While the idea of saving money on holding separate school board elections was laudable, the Mankato school board’s decision to extend terms of school board members without voters weighing in is unfair and unwise.
The board approved a resolution on a 5-1 vote to move its odd year elections to even years in connection with general elections and extend the terms of all board members by one year. Board Member Abdi Sabrie voted no and Board Member Kristi Schuck was absent.
Sabrie voted against extending the terms because he argued it would delay the opportunity for new members of the diverse community and others to win a seat on the board. We agree. Four board seats were up for election this year. Now those seeking those positions must wait another year.
The even-year elections will save the school district about $38,000 because the county can take over election administration.
State law allows school districts to move elections in this way, noting it should provide proper notice and develop a plan for “orderly transition,” which, the law says, can include extending terms of school board members by a year or, when a seat is open, reducing the term by a year.
But beyond just giving the voters more of a chance to weigh in, the idea that board members would vote on extending their own terms is a conflict of interest. The resolution could have still been approved if members abstained from voting on their own terms but voted for terms of others.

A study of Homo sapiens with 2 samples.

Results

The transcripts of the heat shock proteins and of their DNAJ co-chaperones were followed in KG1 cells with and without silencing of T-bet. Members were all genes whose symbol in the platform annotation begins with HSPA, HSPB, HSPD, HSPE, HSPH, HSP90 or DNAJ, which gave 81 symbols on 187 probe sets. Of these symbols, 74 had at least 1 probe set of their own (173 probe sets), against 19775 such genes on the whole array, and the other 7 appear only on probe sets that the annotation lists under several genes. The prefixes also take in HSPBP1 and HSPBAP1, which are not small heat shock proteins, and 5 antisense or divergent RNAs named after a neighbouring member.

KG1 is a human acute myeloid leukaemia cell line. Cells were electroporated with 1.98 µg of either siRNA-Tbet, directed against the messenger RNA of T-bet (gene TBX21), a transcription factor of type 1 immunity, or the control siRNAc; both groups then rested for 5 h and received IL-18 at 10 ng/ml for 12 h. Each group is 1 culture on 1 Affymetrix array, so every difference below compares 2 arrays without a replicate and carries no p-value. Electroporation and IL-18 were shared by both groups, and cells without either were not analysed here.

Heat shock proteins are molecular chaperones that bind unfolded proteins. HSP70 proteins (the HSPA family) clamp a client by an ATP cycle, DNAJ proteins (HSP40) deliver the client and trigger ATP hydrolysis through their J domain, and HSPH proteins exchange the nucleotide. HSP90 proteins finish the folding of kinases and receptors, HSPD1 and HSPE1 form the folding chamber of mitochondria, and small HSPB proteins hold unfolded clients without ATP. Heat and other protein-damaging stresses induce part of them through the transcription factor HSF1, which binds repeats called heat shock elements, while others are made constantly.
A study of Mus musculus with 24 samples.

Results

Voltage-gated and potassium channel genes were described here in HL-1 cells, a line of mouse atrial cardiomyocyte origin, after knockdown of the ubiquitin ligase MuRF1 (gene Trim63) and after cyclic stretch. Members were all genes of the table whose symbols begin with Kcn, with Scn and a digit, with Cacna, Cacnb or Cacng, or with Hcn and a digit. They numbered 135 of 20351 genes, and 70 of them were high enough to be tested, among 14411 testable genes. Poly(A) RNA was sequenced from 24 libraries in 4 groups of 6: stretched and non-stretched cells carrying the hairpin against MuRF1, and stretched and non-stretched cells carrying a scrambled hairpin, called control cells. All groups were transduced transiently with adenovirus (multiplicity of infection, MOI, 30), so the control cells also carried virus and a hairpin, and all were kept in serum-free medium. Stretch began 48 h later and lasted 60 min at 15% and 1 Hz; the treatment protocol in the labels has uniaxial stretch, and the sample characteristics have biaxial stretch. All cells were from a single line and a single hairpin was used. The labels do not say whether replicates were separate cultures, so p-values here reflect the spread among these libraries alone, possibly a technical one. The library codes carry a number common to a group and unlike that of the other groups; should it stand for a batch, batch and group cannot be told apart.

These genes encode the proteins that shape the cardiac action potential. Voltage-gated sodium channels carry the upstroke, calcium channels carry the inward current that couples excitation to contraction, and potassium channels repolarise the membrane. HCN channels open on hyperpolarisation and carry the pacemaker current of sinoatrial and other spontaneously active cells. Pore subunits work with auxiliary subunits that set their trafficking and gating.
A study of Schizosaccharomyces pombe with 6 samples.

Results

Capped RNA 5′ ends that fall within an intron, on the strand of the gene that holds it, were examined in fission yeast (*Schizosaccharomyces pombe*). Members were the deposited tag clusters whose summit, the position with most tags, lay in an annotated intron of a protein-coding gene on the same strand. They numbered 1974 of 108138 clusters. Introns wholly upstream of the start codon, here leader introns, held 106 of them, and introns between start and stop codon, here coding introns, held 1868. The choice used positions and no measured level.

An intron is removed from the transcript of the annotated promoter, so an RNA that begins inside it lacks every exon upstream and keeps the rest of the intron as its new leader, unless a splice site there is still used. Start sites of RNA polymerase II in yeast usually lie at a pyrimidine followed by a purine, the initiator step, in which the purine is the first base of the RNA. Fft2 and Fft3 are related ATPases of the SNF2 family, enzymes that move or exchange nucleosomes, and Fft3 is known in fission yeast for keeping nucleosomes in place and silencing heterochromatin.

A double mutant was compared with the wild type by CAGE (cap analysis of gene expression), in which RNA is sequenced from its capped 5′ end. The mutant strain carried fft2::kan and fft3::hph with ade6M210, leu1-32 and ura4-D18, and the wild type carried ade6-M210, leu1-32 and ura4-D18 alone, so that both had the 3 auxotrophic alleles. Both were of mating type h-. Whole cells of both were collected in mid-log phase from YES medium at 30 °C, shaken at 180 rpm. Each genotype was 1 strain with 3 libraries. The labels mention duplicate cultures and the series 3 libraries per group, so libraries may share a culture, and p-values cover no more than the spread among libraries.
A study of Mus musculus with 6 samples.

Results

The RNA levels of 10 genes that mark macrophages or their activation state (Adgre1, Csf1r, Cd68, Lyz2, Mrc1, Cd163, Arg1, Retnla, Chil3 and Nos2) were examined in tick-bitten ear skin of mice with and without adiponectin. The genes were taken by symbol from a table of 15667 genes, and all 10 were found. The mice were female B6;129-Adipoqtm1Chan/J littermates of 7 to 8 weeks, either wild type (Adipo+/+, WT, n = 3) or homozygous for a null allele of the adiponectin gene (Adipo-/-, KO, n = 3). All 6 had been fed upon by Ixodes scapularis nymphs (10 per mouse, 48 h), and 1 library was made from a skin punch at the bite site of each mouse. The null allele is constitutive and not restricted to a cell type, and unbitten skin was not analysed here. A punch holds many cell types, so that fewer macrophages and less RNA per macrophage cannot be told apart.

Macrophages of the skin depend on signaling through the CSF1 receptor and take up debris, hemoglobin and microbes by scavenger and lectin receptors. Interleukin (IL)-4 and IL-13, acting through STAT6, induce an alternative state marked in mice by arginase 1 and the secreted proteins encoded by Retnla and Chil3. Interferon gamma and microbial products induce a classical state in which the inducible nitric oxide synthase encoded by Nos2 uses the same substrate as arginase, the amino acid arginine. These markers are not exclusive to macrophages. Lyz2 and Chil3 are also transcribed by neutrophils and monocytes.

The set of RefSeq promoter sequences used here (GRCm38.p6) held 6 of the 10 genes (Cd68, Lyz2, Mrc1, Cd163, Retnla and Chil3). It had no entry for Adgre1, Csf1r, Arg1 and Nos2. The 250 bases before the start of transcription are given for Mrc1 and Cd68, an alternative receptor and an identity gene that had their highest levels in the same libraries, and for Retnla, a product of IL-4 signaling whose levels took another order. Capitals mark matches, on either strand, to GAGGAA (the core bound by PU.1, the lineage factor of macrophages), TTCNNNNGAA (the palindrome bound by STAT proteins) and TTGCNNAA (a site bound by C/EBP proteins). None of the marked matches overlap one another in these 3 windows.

It makes sense to hold school board elections at the same time as the general election because the turnout will be higher. Odd-year elections drew turnout of 5 percent while even-year elections garnered a turnout rate near 83 percent.
We also favor putting school bond referendums in a general election year as well so those questions can be decided with the help of a robust voter turnout.
While some school board members worried that school board elections would get less attention or lost in the general election, that shouldn’t be the primary concern. Voters have a duty to cast an informed vote but there’s no law requiring it.
As trust in government erodes, elected bodies must be careful to ensure they are representing the voters in all that they do. Voters lost when school board members voted to extend their own terms.